Myths and Facts about Women’s Health


Great idea, but unfortunately, there are many myths out there with respect to women’s health, and when you’re talking about serious and possibly life or death concerns, ignorance is definitely not bliss.

Here are some of the common myths regarding women’s health and the real facts to consider.

Myth #1: Mammograms are always the best way to screen for breast cancer
Fact: Mammograms can increase your breast cancer risk, since the ionizing radiation they use causes cancer.  In addition, they are incorrect up to 80 percent of the time (providing a false negative or false positive), they use compression which can damage your breast tissue or spread existing cancer, and they’re not effective for women with dense breasts or implants.

A safe and very accurate test is breast thermography.  Thermography does not use radiation or compression, and can detect signs of inflammation and/or tumor-related blood flow up to 8-10 years before a mammogram or a physical exam can detect a mass!

Myth #2: If your blood pressure and cholesterol are OK, you’re not at risk for heart disease
Fact: High blood pressure and elevated cholesterol are only two of the signs of possible heart disease brewing.

To provide a more thorough picture, ask your doctor to run tests for C-reactive protein and homocysteine.

C-reactive protein is a compound that, when elevated, indicates either inflammatory or free radical damage is occurring within your blood vessels in a way that contributes to cardiovascular disease.  And high levels of homocysteine in the bloodstream can cause inflammation in the blood vessels and increase your heart disease risk.

Myth #3: If your TSH test is normal, you don’t have a thyroid issue
Fact: The TSH (thyroid stimulating hormone) test primarily assesses the functioning of your pituitary—not necessarily your thyroid.

Plus the TSH test measures your blood level of thyroid hormone at that one moment in time when your blood is drawn.  But your thyroid hormone levels are constantly fluctuating—so a “snapshot” blood test is not always an accurate picture of thyroid health.

A far more accurate and sensitive test that assesses thyroid health is the “TRH challenge test” also known as the “TRH Stimulation test.”  Ask your doctor to run this test in addition to the TSH.

Myth #4: You have to suffer with menopause because synthetic hormone replacement increases your risk of breast cancer, heart disease, blood clots and stroke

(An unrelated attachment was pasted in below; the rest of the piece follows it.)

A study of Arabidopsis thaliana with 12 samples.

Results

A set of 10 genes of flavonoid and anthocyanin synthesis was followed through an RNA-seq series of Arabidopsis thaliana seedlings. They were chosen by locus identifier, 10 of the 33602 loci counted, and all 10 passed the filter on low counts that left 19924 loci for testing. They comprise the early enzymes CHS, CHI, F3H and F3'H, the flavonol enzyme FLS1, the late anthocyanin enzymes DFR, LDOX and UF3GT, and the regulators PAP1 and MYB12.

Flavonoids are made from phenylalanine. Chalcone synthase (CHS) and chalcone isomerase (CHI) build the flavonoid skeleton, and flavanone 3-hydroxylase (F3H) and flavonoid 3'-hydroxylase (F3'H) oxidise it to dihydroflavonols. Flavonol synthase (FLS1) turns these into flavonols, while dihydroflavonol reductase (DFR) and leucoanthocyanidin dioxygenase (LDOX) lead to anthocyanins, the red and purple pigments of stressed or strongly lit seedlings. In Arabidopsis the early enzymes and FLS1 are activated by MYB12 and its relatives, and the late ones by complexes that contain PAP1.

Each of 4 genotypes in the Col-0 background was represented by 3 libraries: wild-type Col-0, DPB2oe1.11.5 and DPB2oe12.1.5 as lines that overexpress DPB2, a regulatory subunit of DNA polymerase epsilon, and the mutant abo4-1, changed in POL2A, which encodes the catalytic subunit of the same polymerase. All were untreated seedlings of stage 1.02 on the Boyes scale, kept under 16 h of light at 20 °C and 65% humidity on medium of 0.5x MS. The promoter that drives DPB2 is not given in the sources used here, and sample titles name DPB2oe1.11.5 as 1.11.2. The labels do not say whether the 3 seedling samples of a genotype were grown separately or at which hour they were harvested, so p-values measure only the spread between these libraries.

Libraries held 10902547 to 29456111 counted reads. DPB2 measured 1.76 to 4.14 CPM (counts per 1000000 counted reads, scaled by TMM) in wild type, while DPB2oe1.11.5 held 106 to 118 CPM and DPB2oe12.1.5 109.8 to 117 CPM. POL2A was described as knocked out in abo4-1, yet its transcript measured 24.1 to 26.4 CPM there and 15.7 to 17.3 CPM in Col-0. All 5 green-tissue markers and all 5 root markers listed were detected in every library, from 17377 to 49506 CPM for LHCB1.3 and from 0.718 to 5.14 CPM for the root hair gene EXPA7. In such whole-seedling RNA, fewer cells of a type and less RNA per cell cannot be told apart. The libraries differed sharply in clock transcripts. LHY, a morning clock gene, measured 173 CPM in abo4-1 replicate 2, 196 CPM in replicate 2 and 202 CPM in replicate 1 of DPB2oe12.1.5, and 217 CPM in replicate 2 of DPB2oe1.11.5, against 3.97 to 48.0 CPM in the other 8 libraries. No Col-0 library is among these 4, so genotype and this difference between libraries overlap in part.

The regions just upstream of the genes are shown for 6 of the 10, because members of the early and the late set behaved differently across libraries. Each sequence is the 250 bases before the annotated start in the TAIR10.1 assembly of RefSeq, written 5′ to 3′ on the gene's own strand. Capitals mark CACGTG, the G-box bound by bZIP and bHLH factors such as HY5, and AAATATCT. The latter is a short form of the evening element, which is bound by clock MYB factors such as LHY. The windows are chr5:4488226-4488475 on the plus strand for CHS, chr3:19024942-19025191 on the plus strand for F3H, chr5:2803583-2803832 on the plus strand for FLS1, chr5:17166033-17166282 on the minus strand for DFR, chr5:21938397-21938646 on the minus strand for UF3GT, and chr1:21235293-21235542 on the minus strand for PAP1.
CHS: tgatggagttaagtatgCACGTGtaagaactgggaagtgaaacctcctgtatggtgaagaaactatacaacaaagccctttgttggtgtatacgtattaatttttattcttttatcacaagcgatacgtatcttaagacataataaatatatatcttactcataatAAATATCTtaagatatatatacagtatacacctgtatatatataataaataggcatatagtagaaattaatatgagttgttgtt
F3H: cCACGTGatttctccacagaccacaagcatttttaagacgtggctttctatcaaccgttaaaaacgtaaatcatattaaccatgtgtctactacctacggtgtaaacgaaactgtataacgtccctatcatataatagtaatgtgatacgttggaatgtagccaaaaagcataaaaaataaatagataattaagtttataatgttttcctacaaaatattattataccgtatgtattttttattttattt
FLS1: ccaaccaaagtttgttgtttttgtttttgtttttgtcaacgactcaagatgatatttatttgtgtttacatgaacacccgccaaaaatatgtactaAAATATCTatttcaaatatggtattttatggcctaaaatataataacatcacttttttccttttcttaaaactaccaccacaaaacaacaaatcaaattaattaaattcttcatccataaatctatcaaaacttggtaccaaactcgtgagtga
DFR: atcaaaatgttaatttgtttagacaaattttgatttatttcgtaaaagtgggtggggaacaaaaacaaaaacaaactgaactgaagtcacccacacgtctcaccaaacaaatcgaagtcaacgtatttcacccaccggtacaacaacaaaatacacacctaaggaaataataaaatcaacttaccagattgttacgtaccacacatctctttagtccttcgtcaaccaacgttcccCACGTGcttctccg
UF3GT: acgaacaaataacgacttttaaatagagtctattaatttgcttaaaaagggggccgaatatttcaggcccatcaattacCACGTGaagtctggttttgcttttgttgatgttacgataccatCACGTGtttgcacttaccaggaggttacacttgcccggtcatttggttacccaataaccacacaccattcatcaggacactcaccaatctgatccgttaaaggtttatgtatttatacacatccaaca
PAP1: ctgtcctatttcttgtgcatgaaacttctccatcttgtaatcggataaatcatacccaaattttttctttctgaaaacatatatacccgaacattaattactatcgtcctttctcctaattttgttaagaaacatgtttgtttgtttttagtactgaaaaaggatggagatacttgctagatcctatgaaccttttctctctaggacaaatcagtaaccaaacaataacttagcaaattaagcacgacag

Fact:  There is another option—natural hormone replacement with bio-identical hormone replacement therapy.  Unlike synthetic hormones, the body has an easier time assimilating bio-identical hormones because they are exactly identical in molecular structure to the hormones made by the body.

Since BHRT is a more holistic therapy, many mainstream practitioners are still not familiar with it.  You may need to seek out a naturopath or ask your local compounding pharmacy what doctors in the area do BHRT.

Other helpful measures
Many women are faced with very demanding schedules and high stress levels—both of which can take their toll on your health!

Here are other measures you can take to help support optimal health:
Take a daily multi-strain probiotic formula like Super Shield.  You can’t beat probiotics when it comes to supporting sound immune function, promoting more regular bowel movements, reducing gas and bloating and counteracting the harmful effects stress has on your gut.

Supplement with a multi-vitamin and mineral formula like Super Core. With busy lifestyles and eating on the run, it’s difficult to always make the healthiest food choices.  Plus it’s a fact that our food today is not as nutritious as it once was.  So taking a nutrient formula like Super Core can help make sure you have all bases covered, plus you get the added benefit of its antioxidants and anti-inflammatories too!

Do some form of exercise almost every day (with your doctor’s OK).  You don’t have to go gung-ho—you can work in little activities like taking the stairs instead of the elevator, going for a walk around the block after lunch, parking far away from the store when you’re going shopping, stretching at your desk or taking the dog for an extra walk.  Every little bit counts.

Learn to say no.  Many women create their own stressed-out existence because they say yes to every invitation, offer and request.  Learn to say no when your plate is already full.

Don’t be afraid to ask questions of your doctor.  A doctor should be your partner in health care and willing to discuss your concerns.  If yours isn’t willing to listen to you or worse yet, refuses to address your questions, find another who will.  There are a lot of wonderful caring doctors out there and they deserve your business.